It's 'Pride Month' How should Catholics respond?
For this reason, few are willing to speak out against such behavior. And it is true that the sins of heterosexual people are likewise ubiquitous and offensive to God and the Natural Law. But at the same time, to encourage such behavior is also wrong. Just as wrong as it would be to remain silent when you see another unwittingly expose themselves to mortal danger. You have a moral imperative to shout a warning.
Before we explore how this issue should be approached, we must first review the Catechism which offers the Church's official teaching on the issue.
The Church covers this issue in its teachings on Chastity, Same-Sex Attraction, and Marriage.
Chastity is the refrain from sexual activity, especially outside of marriage. It is expected of all persons, including heterosexuals. When a person engages in a sexual act outside of marriage, they are committing a sin and are in violation of the Sixth Commandment, which prohibits adultery specifically, and according to Church teaching, also prohibits all other forms of inappropriate sexual behavior. (CCC 2338, 2344-2345)
As for same-sex attraction, the Church teaches that we do not fully understand the psychological genesis of this desire, however it is "objectively disordered." It is contrary to Natural Law. Despite this, the Church adds a critical caveat. Those with same-sex attraction must be accepted with respect, compassion, and sensitivity." (CCC 2357-2358)
Those with same-sex attraction are called to chastity. (CCC 2359) This also applies to heterosexual persons and married people as well.
Finally, the Church teaches that marriage is a lifelong union between one man and one woman. (CCC 2361) It is intended for the purpose of promoting "the good of the spouses themselves and the transmission of life."
But how should we be? That question remains.
From a practical perspective, we have a duty to transmit the truth of the Gospel and the teachings of the Church to all. However, we must also strive to be effective in our evangelism. To simply tell people they are engaged in sin is wholly ineffective. In fact, it is probably counter-productive. It is better to say nothing.
Before we can share the Catechism with someone, we must first forge a relationship. It must be friendly, mutually respectful, and honest. Such relationships take a long time to develop, so they require patience and effort.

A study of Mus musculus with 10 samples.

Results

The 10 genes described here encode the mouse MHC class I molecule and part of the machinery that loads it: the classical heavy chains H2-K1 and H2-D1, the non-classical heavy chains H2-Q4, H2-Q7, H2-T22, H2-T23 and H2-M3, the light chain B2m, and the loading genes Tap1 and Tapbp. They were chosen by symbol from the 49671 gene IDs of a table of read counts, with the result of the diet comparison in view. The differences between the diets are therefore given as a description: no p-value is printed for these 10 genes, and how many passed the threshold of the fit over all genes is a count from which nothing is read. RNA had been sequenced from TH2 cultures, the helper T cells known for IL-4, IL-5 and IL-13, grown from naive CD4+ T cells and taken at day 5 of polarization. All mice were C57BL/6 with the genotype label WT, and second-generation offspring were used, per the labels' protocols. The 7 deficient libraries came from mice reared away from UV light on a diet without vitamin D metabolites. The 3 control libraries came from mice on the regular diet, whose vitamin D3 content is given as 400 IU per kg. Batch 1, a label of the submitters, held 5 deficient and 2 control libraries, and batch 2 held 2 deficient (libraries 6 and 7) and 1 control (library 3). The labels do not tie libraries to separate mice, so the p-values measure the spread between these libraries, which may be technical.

At all times, we must strive to be impeccable in our own lives. It is absurd for a person to criticize sinful, same-sex behavior when they themselves are engaged in an affair with someone of the opposite sex. Both sins are mortal, and there will be no distinction made when it comes to the final disposition of the soul. Both are damned.
If we are as impeccable as possible, and if we go to Confession when we sin, pray and remain faithful to our Christian duties (e.g., pray and attend Mass), we will have the credibility to speak with some authority on the issue. This is especially true if we live according to these values, but avoid obnoxious preaching and judging --a common pitfall.
Generally, if we are loving and respectful, the person we aim to persuade will ask us about our faith or another question that demonstrates they are ready and willing to hear what we have to share about the topic. This is a privileged position and one we must appreciate. Then we have the duty to convey the truth, but lovingly, and respectfully. We must emphasize our love and our hatred of prejudice. We cannot and should not deny this person's sexuality, but we must also explain that we should not be defined by how we are gratified.
I repeat for emphasis, we should not be defined by how we are gratified. And certainly not by how we sin. Instead, we should be defined by our love of the Lord, which should be so apparent we have little need to tell others.
In this way, we satisfy our obligation to warn others of the danger they face while also expressing love and acceptance of that person. We are called to hate the sin, but love the person.
It must be understood that these rules are part of God's teaching, the teaching of the Church, and Natural Law. We cannot change these rules. Not even if every bishop of the Church, or if the Pope issued a decree, it does not matter. Humans cannot alter God's law. And since this is God's law, it must be respected and obeyed. We could not change it, even if every person on the planet wanted to.
So, the answer is this: Build a relationship of trust and respect. Live as impeccably as possible, attending Mass and praying. And if invited to share the Gospel and the truth, do so, but do so with love and respect. Be open, honest and direct, but never rude. And do not preach to anyone unless you are properly catechized and trained.
If you are not prepared, then get prepared. Read the Catechism. And above all, act with love, respect, and faithfulness to the Lord.